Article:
Zombies' 1968 'Odessey and Oracle' album track 'A Rose for Emily' getting new li
"A Rose for Emily"
The Zombies are back in England after their latest triumphant U.S. tour, but the historic 1960s British Invasion band left enough excitement in their wake to justify the release next week of a radio single.
Longtime fans of the band will recognized the release--"A Rose for Emily"—as a choice track from the legendary 1968 Odessey and Oracle album, which spawned the Zombies' immortal hit "Time of the Season" but was released after the band broke up. The album has long since been acknowledged by the likes of Dave Grohl and Rolling Stone as one of rock's all-time great discs, but was never played live until 2008.
But the band's recent tour presented Odessey and Oracle in its entirety, and was performed by vocalist Colin Blunstone and keyboardist/vocalist Rod Argent along with their fellow surviving originals (bassist Chris White and drummer Hugh Grundy) and the current lineup of Blunstone, Argent, guitarist Tom Toomey (original guitarist Paul Atkinson died in 2004), bassist Jim Rodford (formerly of Argent's post-original Zombies band Argent and the Kinks), son Steve Rodford on drums and Brian Wilson collaborator Darian Sahanaja on keyboards and harmony vocals.
"A Rose for Emily" was the second track on Odessey and Oracle, which was recently reissued by Varese Sarabande in a 50th anniversary edition featuring seven bonus tracks (including an alternate "A Rose for Emily" take). Significantly, it was used as the closing theme for the popular seven-episode investigative journalism podcast S-Town, which was released in March.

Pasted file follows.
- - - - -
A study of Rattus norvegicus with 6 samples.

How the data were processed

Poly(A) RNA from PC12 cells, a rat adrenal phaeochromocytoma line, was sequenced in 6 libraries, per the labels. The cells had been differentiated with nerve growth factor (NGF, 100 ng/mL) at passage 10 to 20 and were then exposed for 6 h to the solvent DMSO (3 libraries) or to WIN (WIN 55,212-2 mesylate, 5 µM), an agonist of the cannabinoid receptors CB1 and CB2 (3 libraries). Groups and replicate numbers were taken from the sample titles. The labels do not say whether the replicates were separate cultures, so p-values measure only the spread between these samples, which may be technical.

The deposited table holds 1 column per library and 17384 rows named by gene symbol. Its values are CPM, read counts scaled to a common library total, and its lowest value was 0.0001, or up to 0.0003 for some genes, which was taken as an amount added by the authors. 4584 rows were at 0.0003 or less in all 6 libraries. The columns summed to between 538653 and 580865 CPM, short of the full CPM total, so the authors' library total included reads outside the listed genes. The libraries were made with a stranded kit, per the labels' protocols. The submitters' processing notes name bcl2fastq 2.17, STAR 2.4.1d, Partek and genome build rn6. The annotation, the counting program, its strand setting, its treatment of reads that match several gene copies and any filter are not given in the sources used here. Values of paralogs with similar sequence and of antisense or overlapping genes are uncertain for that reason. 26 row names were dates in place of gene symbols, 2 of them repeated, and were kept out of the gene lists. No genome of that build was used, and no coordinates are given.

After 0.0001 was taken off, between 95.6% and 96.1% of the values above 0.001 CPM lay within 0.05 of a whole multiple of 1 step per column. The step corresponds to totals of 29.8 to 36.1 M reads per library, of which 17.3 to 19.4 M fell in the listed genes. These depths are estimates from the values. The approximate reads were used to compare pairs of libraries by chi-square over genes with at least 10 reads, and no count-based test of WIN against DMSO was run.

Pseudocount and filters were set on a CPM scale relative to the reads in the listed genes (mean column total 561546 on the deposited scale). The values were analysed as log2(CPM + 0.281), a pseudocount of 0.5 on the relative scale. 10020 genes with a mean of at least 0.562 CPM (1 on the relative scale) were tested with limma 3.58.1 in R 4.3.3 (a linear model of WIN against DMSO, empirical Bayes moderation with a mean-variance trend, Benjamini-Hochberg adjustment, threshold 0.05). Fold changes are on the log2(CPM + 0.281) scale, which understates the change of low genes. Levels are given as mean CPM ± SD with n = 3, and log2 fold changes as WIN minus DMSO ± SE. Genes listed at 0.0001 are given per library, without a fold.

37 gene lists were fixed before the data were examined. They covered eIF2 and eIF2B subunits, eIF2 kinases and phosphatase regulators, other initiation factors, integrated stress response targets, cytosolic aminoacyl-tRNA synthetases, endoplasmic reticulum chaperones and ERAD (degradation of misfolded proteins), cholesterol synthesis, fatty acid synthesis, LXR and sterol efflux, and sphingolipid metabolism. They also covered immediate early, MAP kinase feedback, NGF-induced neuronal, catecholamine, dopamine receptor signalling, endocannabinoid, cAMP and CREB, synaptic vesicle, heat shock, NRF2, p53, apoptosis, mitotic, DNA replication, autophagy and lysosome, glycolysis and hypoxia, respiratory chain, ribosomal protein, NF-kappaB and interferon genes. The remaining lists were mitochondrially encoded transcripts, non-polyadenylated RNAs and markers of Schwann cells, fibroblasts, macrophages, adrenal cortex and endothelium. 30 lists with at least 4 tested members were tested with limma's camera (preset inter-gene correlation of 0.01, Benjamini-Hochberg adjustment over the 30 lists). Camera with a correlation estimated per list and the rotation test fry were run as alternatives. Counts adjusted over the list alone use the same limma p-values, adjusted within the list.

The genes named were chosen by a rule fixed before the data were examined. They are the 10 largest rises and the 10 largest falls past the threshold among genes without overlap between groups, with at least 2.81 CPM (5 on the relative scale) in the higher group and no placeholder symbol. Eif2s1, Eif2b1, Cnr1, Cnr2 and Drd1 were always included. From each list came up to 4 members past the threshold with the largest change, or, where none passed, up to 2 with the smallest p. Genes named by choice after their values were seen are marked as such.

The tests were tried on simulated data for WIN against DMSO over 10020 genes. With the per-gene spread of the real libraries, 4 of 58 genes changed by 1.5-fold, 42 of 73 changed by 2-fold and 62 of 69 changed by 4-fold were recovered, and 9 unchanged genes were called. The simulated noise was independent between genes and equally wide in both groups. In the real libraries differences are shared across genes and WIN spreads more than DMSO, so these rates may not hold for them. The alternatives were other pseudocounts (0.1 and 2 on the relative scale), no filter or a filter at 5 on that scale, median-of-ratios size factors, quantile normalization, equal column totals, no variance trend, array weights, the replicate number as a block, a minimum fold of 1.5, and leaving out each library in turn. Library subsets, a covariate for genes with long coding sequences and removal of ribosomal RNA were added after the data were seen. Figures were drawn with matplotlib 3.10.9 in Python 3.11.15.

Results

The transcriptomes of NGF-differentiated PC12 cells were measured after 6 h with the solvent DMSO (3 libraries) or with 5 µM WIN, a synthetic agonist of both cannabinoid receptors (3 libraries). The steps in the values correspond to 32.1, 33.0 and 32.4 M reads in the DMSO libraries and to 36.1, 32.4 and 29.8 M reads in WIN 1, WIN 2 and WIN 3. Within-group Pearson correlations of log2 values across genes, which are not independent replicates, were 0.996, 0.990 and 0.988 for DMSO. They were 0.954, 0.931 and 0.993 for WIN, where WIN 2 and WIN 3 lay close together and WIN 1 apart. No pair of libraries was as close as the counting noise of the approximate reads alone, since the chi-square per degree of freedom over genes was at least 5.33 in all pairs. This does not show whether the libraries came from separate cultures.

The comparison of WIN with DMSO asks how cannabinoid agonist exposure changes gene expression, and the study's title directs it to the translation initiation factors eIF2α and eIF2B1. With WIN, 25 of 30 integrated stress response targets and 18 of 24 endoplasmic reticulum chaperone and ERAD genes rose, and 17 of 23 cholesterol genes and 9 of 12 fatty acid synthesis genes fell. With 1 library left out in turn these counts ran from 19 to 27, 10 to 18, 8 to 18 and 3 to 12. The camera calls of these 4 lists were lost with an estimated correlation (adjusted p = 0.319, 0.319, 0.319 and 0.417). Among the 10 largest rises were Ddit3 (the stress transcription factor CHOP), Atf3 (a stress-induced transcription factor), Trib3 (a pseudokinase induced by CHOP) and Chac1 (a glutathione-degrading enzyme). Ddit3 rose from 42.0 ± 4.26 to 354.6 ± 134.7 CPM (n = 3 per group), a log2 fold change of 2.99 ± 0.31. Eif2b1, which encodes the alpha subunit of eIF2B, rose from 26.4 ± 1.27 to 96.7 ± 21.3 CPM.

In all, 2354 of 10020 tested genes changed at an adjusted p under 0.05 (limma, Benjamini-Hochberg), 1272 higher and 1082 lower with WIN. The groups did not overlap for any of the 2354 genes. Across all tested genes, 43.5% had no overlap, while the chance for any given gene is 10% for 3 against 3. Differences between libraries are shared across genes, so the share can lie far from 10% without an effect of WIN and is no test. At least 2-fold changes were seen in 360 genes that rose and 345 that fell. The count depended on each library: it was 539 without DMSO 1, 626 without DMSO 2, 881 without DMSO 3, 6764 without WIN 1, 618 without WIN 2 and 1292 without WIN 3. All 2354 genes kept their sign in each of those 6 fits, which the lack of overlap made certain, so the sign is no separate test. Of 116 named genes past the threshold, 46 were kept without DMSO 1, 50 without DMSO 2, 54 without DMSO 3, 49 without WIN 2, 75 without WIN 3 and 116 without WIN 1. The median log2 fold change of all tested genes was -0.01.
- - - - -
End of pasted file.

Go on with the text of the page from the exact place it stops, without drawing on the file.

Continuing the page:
"It's so huge that 16 million people downloaded it the first week," notes Zombies co-manager Cindy da Silva. "We got over a thousand times more downloads of the song than usual. It brought new life to a relatively obscure song, that was kind of hidden. But when we did Conan two weeks ago, he specifically requested that they play it as the second song [after Odessey and Oracle's big hit 'Time of the Season'] because of its relevance from the podcast. So people are getting introduced to the Zombies as never before through the podcast."
Da Silva adds that many publications have jumped on S-Town's usage of the melancholic "A Rose for Emily," which is titled after William Faulkner's short story. A special rose-colored vinyl pressing of the song was made available for last month's Record Store Day, with all 2,000 copies selling out.
"Now we're taking it to radio," says da Silva, who's sending it out digitally for radio adds next week. The Zombies' Talent Consultants International management team has enlisted top indie record promotion company M:M Music to push the song at radio heavier.
"The cool thing is that it's a 50-year-old recording that still sounds young, hip and fresh," says da Silva. "I've even been asked if it's a new record! Nobody's treating it like a 50-year-old song."
Meanwhile, the Zombies are back in the U.K., with upcoming dates including Spain's Primavera Sound festival, and in September, the London Palladium.